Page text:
The keynote address was delivered by Esther Dyson, the IT visionary who thinks hard about the intersection of life and technology. She took the audience right back to the Industrial Revolution to find a proper perspective from which to assess the magnitude of change in the Information Age. Dyson analysed how the birth of the factory had introduced the world to economies of scale, which for individuals meant becoming affiliated to institutions or companies in order to survive. She demonstrated how the greyness of subsistence living had given way to the colour of consumer culture, with value being added to products: a flight ticket costs more with a first- class lounge attached, as does a pair of jeans if associated with the right attitude of cool.
But in the Information Age there is a certain return to pre-industrial values, which has profound implications for business. "There will be less separation between work, home and education. Divisions between commercial motivation and pleasurable pursuit will become blurred," Dyson said. "It will be unclear whether people represent a company or themselves. Individuals will again become producers."
Take, for example, an issue such as branding, which Dyson believes is fundamentally misunderstood. Her point is that mass-produced brands, such as Coca-Cola, will lose power to customised brands that convey trust. Further, especially for products in which there is an emotional or personal investment, people will increasingly want service from people, not from expert systems. "Persuasion is still a personal art rather than a computer technique," she said.
The bad news is that all this does not come cheap. "You are not going to make money," she announced to the assembled gathering, though presumably talking to the attendees, not the sponsors - which included Microsoft and Compaq. Online developments are costly and labour-intensive, and as development cycles shorten, another feature of the Information Age, the race to keep ahead is not easing up. But companies make a mistake if they think that technology is the key to "economic fecundity". This is where countries such as Malaysia and Hungary have gone wrong, Dyson claimed. They have focused on hi-tech zones rather than the culture within which their companies might thrive. "What they may be missing is the entrepreneurial spirit and the cross-fertilisation as companies start, merge, break up and unleash second- and third-time entrepreneurs into the mix." Innovation and creativity will be the key assets for the virtual company - that is, the people with whom it shares its success.
As if to discourage the conference from getting too carried away, it next received a "reality check" in the rapid-fire presentation of Patrick Vittet-Philippe, of the European Commission. He sped through the issues currently on the minds of negotiators creating the legal framework for electronic commerce between the world's three major trading blocks. "It is a crucial time," he said, "with issues pressing in on every side."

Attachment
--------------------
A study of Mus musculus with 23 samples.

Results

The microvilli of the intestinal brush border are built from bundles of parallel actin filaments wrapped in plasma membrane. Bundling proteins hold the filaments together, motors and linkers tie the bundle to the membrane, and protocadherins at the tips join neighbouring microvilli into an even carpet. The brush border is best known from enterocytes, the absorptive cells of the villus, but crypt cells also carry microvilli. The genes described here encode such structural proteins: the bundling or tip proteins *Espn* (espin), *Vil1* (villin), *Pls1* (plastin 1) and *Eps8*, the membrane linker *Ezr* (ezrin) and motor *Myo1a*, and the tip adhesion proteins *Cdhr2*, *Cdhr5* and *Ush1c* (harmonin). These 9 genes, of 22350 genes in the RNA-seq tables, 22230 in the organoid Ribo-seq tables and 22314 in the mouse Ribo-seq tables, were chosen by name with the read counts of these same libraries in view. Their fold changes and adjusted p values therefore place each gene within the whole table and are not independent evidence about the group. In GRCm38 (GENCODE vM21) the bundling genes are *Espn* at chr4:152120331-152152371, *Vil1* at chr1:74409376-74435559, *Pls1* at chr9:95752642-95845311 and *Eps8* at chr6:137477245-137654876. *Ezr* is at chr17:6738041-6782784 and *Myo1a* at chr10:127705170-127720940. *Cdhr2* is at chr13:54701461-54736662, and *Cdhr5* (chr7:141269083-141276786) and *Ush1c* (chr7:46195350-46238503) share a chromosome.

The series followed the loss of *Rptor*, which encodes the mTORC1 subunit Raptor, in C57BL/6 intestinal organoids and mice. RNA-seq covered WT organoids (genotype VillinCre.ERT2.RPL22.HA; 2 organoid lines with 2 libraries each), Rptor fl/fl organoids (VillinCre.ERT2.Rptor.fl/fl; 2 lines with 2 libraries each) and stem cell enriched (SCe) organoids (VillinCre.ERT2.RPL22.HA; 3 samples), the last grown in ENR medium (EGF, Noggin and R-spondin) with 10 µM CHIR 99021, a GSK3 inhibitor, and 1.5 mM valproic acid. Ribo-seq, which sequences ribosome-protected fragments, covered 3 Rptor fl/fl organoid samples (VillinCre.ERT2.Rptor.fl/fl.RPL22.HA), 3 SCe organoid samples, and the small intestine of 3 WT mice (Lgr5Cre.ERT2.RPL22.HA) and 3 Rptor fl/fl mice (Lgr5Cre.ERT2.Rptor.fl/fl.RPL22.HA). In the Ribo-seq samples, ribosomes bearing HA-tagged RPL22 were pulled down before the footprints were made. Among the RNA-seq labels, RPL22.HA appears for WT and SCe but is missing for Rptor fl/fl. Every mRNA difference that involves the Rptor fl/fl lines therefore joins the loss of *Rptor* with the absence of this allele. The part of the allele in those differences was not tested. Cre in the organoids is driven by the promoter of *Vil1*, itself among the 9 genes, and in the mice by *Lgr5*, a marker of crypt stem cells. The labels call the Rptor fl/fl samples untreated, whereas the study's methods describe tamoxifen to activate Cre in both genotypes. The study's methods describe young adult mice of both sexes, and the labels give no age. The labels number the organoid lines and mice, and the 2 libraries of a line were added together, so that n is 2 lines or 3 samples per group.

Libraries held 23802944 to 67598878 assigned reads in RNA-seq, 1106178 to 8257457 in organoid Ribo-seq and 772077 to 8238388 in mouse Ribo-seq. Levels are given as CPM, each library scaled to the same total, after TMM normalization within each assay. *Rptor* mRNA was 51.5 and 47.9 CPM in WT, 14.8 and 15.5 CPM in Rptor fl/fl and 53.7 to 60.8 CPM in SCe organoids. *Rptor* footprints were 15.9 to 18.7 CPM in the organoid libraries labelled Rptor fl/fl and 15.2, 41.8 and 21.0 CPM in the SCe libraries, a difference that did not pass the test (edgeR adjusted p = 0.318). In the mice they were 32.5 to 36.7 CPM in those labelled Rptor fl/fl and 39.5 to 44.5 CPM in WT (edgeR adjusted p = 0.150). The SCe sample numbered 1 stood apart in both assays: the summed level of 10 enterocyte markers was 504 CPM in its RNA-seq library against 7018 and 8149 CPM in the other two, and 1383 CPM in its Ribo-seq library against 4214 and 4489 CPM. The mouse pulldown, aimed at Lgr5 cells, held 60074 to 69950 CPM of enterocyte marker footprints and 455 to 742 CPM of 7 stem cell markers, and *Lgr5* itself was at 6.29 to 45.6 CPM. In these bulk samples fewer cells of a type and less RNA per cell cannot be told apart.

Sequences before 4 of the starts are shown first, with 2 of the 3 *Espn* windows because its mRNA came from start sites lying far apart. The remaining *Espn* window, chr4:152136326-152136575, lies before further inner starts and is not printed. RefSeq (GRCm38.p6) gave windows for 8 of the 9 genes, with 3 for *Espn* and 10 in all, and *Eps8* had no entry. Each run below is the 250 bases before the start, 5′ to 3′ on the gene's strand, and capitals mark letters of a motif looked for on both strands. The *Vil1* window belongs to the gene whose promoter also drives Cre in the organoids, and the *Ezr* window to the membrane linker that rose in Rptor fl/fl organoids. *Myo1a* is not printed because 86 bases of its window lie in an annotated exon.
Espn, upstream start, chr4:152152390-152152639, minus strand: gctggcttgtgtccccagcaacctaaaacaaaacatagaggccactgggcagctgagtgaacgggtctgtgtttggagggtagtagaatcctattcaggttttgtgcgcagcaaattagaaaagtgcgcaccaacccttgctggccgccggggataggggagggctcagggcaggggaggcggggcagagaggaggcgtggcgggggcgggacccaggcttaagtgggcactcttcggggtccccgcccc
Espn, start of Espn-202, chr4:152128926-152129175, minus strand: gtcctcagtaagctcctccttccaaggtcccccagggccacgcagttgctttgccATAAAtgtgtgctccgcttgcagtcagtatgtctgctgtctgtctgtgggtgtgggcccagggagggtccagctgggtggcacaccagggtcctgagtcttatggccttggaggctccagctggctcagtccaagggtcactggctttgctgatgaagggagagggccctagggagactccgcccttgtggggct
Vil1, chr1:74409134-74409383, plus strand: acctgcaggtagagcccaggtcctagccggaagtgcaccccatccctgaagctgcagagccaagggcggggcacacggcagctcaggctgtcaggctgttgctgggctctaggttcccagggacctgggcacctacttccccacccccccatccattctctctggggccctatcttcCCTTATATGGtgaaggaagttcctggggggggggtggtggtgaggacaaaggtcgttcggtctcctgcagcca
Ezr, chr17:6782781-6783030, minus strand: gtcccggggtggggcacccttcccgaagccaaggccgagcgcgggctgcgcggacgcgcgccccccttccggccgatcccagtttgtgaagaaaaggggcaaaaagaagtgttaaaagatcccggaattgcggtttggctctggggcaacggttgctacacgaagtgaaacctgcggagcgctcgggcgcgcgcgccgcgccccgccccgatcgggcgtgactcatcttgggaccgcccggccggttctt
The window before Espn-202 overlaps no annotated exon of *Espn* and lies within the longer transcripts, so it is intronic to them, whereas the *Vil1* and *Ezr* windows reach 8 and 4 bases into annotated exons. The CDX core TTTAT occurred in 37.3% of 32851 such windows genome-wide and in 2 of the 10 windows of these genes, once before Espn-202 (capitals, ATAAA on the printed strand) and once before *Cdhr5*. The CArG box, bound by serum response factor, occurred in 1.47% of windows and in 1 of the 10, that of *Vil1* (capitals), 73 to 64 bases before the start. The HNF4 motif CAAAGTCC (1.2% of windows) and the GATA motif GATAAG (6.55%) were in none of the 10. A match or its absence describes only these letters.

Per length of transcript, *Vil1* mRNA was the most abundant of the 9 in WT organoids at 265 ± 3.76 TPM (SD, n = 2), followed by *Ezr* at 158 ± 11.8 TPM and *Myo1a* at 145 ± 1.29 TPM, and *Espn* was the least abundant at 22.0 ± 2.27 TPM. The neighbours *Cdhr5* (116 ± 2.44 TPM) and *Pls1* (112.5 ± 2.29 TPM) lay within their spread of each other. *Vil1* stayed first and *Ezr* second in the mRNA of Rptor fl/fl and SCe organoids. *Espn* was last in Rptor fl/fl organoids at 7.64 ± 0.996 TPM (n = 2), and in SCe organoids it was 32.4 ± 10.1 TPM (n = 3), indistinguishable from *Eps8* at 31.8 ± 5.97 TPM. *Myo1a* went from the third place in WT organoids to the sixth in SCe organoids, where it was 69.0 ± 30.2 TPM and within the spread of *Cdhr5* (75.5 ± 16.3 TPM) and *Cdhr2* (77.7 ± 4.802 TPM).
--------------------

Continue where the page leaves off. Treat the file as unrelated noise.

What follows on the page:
Encouraging auditors to examine the rich resources published by the Commission for themselves, he pointed out three characteristics of the work being done on the wide range of problems suggested by electronic payments, regulation, taxation and channels. First, he was glad to report lots of convergence, in terms not only of what was being settled, but also of agreement about what was best left to the markets. Continental Europe, too, was broadly marching together in time. However, certain differences have raised their heads. Take self-regulation, the favoured option for monitoring Internet content. "This is a national preoccupation which can have perverse effects. Need I tell you that what is tasteful and decent in France might not necessarily work in Britain," he said. In situations like this, legislation can be used as the means of finding compatibility. His final question was, what next? And, in particular, he pointed to a summer conference, details to be announced, aimed at consolidating the global agenda for the information society.
The next session turned to financial services, arguably the sector most quickly revolutionised by technology. "There is much evidence that the market is changing," said Tim Jones, managing director of retail services at NatWest, admitting that the bank was in the process of reorganising from the ground up. "Banking has already seen the successful introduction of telephone-based services and it isn't stopping there." More sophisticated and detailed customer relations were crucial, he continued to explain. Though when one customer in the audience asked when technology was going to reduce the three-day settlement period for cheques, he did not seem quite so prepared to move ahead.
For those who needed a break from such breathtaking predictions, the second floor of the Queen Elizabeth II Conference Centre was given over to an exhibition. Marked by soft lighting and gentle music, it was clearly designed to ease the minds of stressed-out IT decision-makers, while at the same time saying, "for perfect security, buy me". Projected messages of light, floating across the floor and up the wall, are definitely the marketing rage for 1998.
Over the two-day period any number of further issues were explored, with companies as diverse as BSkyB, Nestle and Blackwell contributing. What was clear was that all recognise the profundity of the shake-up to business that electronic commerce represents. The Internet channel will grow from nothing to $1,000bn in little more than 10 years. No one can afford to sit back.